Newspaper Review 29th, February 2024


1. Daily Nation

A New Obstacle For Raila’s African Union Job Hunt

The opposition leader may have won the favour of his arch-nemesis in his pursuit for the African Union Commission job position, but his fate for running for future presidential elections in Kenya depends on whether AU member states approve or reject a proposed election rule that limits AUC aspirants from participating as presidential candidates in their home country.

2. The Standard 

The Standard 29022024

The Vice President’s Worst Fears Have Come True

After the Kenya Kwanza victory, Rigathi Gachagua expressed concerns about a possible reconciliation between William Ruto and Raila Odinga. The two principals seem to have buried the hatchet, working together toward a common goal. For the Deputy president, this is his worst nightmare. Unfortunately, there is nothing he can do about it.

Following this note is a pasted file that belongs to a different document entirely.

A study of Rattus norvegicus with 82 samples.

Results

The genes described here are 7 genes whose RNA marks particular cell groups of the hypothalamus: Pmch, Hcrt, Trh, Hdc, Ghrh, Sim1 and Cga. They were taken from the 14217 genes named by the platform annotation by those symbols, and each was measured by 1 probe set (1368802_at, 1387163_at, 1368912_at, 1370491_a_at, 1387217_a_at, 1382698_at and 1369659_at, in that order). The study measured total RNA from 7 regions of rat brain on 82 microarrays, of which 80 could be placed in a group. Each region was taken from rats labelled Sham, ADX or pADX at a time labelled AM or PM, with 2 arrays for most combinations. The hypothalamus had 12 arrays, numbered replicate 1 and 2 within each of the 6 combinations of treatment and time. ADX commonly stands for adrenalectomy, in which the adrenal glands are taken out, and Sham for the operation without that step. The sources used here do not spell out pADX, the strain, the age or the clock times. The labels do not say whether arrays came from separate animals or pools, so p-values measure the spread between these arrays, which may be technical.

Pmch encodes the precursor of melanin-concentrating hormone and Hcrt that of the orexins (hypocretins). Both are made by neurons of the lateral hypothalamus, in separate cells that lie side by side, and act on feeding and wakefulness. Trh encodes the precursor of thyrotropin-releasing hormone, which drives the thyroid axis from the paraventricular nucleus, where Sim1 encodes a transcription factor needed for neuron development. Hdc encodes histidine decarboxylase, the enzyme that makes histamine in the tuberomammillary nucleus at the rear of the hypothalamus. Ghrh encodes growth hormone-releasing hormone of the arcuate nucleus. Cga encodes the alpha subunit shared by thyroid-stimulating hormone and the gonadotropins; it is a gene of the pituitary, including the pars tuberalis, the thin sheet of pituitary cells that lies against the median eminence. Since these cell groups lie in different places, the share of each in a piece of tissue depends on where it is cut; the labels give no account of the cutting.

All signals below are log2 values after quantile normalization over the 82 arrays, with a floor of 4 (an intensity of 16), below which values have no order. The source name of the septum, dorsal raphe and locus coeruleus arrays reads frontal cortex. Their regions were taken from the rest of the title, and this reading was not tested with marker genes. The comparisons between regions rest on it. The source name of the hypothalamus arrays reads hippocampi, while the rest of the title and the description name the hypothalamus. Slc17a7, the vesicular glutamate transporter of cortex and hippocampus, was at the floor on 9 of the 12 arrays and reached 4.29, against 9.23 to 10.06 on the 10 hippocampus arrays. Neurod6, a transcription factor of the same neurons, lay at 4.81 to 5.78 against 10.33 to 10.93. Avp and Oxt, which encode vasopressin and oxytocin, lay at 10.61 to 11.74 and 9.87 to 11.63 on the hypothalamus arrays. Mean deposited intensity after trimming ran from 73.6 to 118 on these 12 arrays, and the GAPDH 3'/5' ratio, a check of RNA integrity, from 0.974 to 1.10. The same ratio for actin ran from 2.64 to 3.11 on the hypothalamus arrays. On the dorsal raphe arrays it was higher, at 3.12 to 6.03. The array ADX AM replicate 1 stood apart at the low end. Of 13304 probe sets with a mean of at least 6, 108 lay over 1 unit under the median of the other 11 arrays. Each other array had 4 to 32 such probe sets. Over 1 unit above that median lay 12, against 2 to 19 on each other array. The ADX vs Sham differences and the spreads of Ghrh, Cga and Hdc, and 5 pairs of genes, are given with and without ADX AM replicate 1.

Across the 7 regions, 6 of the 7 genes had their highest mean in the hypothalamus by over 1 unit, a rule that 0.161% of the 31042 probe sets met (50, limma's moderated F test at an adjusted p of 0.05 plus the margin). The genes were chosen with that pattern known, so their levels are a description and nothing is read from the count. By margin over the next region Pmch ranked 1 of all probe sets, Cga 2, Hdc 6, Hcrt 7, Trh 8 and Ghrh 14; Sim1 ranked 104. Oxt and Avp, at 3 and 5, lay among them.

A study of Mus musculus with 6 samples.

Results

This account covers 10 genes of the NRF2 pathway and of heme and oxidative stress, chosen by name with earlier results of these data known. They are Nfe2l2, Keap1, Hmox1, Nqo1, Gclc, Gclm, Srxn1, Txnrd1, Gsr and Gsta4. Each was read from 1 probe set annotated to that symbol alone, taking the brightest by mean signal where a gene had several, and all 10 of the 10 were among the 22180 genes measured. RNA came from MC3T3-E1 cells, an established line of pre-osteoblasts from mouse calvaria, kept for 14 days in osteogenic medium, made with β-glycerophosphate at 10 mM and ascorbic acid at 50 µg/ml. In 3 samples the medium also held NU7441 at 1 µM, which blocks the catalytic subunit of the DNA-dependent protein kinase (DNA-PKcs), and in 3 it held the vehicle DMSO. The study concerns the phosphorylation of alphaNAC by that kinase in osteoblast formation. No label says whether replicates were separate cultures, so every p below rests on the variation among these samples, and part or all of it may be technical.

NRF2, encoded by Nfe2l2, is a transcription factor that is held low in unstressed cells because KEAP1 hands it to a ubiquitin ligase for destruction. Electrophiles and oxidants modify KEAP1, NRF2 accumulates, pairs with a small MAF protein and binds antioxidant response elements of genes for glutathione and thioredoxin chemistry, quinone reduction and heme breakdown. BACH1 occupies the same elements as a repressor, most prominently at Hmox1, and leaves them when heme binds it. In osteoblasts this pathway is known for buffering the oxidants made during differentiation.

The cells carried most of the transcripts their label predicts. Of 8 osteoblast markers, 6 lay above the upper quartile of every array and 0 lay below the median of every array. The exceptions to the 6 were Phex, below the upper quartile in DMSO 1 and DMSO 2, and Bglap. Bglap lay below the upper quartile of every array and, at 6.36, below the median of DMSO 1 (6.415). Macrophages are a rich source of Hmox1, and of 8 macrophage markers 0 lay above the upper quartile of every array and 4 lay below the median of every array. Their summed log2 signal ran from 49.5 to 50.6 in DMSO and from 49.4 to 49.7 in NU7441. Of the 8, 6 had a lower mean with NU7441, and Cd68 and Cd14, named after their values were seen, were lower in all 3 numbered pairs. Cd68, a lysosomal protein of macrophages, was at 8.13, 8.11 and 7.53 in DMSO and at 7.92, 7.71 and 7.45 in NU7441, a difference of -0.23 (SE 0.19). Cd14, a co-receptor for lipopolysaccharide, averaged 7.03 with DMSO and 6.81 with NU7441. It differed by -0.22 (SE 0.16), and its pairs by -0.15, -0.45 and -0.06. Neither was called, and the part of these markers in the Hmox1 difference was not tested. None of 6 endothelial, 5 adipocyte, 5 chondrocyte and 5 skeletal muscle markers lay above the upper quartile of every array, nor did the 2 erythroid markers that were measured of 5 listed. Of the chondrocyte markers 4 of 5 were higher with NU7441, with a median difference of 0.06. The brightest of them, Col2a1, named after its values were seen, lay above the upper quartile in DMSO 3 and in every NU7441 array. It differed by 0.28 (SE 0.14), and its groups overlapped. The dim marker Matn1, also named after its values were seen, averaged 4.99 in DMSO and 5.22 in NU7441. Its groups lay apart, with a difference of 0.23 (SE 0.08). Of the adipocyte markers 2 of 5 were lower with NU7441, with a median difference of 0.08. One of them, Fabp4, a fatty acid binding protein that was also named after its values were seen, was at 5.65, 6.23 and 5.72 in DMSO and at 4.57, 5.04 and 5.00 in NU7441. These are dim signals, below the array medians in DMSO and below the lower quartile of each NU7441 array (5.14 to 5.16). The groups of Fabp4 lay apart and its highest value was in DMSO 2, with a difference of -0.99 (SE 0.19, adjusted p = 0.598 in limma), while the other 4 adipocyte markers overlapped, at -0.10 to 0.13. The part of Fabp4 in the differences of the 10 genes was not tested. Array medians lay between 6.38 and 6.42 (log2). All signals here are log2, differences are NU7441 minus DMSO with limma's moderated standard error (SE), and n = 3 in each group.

3. Taifa Leo 

Taifa Leo 29022024

The Government Borrows KES.1.5 Billion Daily

The Kenya Kwanza administration has come under scrutiny for its significant borrowing activity. The Treasury reveals that the government has been borrowing approximately KES 1.5 billion daily over the last five months. This mounting debt reflects a concerted effort to finance various projects. However, the sustainability and implications of this borrowing spree warrant careful consideration amidst concerns over fiscal responsibility and long-term financial stability.

4. People Daily 

People Daily 29022024

The Consequences of Ruto’s Health Tax on Kenyans

The recently ratified health bill will see unemployed Kenyans from the age of 25 regarded as a household and subject to making monthly contributions to SHIF. Critics wonder about the practicability of this requirement as unemployment rates continue to escalate.

5. The Star 

The Star 29022024

The Kenya Kwanza Administration Push For Adding 55 Female MPs

As if the tax burden is not enough for Kenyans, Ruto and his MPs push for adding 55 MP seats for women. The extra seats will cost Kenyans more as their salaries and office expenditures will fall on the taxpayer.